Avoiding Probate in Florida
How to save your family time, money, and hassle.
Probate court proceedings (during which a deceased person's assets are transferred to the people who inherit them) can be long, costly, and confusing. It's no wonder so many people take steps to spare their families the hassle. Different states, however, offer different ways to avoid probate. Here are your options in Florida. (For an idea of what the probate process entails, see "Florida Probate: An Overview.)
In Florida, you can make a living trust to avoid probate for virtually any asset you own -- real estate, bank accounts, vehicles, and so on. You need to create a trust document (it's similar to a will), naming someone to take over as trustee after your death (called a successor trustee). Then -- and this is crucial -- you must transfer ownership of your property to yourself as the trustee of the trust. Once all that's done, the property will be controlled by the terms of the trust. At your death, your successor trustee will be able to transfer it to the trust beneficiaries without probate court proceedings.
If you own property jointly with someone else, and this ownership includes the "right of survivorship," then the surviving owner automatically owns the property when the other owner dies. No probate will be necessary to transfer the property, although of course it will take some paperwork to show that title to the property is held solely by the surviving owner.
In Florida, two forms of joint ownership are available:
- Joint tenancy. Property owned in joint tenancy automatically passes to the surviving owners when one owner dies. No probate is necessary. Joint tenancy often works well when couples (married or not) acquire real estate, vehicles, bank accounts or other valuable property together. In Florida, each owner, called a joint tenant, must own an equal share.
- Tenancy by the entirety. This form of joint ownership is like joint tenancy, but is allowed only for married couples in Florida.
Payable-on-death designations for bank accounts
In Florida, you can add a "payable-on-death" (POD) designation to bank accounts such as savings accounts or certificates of deposit. You still control all the money in the account -- your POD beneficiary has no rights to the money, and you can spend it all if you want. At your death, the beneficiary can claim the money directly from the bank, without probate court proceedings.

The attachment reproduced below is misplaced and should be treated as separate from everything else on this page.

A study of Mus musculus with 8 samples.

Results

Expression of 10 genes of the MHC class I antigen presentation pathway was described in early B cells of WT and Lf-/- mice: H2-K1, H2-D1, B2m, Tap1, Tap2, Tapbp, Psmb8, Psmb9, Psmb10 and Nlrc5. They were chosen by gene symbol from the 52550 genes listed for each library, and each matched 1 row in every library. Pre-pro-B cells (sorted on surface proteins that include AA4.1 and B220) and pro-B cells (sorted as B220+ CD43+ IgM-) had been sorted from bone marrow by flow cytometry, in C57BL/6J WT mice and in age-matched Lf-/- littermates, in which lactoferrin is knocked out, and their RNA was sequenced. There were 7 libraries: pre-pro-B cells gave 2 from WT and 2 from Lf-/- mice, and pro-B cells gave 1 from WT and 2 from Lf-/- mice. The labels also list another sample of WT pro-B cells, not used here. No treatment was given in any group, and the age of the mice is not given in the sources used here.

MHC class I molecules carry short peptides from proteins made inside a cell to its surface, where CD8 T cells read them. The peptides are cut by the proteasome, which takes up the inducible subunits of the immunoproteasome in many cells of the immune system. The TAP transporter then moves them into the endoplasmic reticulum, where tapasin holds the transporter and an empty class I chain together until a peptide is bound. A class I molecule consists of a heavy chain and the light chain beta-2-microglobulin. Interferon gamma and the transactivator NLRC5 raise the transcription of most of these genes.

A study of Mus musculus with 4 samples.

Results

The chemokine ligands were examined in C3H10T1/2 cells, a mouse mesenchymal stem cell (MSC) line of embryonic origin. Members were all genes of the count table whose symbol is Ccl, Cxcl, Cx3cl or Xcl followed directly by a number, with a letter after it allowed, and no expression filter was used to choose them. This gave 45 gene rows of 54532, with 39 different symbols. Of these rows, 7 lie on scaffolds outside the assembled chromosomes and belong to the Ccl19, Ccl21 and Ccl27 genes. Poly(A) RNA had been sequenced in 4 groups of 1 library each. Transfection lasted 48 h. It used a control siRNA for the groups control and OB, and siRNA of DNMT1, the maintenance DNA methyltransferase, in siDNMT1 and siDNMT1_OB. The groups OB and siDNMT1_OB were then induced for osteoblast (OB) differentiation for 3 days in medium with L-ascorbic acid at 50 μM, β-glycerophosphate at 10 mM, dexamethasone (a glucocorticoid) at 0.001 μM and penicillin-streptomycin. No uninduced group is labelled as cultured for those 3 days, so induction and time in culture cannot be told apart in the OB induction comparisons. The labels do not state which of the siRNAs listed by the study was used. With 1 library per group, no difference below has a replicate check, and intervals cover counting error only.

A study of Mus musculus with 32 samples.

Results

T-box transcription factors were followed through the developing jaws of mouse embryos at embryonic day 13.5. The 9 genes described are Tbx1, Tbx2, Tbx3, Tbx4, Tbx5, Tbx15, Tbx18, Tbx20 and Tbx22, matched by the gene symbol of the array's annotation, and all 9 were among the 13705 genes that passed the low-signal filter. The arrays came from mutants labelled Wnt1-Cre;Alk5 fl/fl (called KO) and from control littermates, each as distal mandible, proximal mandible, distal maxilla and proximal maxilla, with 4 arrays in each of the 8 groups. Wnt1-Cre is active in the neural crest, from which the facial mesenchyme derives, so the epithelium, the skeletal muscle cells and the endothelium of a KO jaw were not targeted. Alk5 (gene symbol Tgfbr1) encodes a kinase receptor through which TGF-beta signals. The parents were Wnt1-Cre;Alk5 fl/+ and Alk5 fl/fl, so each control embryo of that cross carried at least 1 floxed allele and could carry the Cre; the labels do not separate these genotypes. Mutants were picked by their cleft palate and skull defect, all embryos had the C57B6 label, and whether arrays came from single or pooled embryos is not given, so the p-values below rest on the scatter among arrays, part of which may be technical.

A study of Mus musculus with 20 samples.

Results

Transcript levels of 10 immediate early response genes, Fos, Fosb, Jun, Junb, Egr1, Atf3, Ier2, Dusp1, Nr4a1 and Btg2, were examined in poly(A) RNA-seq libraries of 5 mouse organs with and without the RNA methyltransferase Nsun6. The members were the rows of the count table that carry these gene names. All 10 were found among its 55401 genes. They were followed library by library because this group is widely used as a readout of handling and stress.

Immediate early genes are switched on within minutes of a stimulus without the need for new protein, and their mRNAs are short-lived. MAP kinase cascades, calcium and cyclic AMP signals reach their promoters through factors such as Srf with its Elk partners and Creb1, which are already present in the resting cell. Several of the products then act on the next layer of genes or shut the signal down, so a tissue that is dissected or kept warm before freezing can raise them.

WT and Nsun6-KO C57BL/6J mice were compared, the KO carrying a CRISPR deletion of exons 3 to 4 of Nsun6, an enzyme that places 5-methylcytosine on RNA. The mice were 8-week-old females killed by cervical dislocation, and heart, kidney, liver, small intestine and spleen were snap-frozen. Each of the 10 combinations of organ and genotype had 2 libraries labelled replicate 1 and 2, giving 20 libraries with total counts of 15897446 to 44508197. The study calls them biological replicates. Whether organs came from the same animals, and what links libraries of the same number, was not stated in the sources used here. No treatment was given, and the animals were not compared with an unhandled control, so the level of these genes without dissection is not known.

Transfer-on-death registration for securities
Florida lets you register stocks and bonds in transfer-on-death (TOD) form. People commonly hold brokerage accounts this way. If you register an account in TOD (also called beneficiary) form, the beneficiary you name will inherit the account automatically at your death. No probate court proceedings will be necessary; the beneficiary will deal directly with the brokerage company to transfer the account.
Transfer-on-death deeds for real estate
Florida does not allow real estate to be transferred with transfer-on-death deeds. There is a type of deed available in Florida known as an enhanced life estate deed, or “Lady Bird” deed, that functions like a transfer-on-death deed. This type of deed is not common. For more information, see Lady Bird Deeds or talk to a local lawyer.
Transfer-on-death registration for vehicles
Florida does not allow transfer-on-death registration of vehicles.
Simplified probate procedures
Even if you don't do any planning to avoid probate, your estate may qualify for Florida's simplified "small estate" probate procedures. For more details, see Probate Shortcuts. You can also read about a typical Forida probate court proceeding.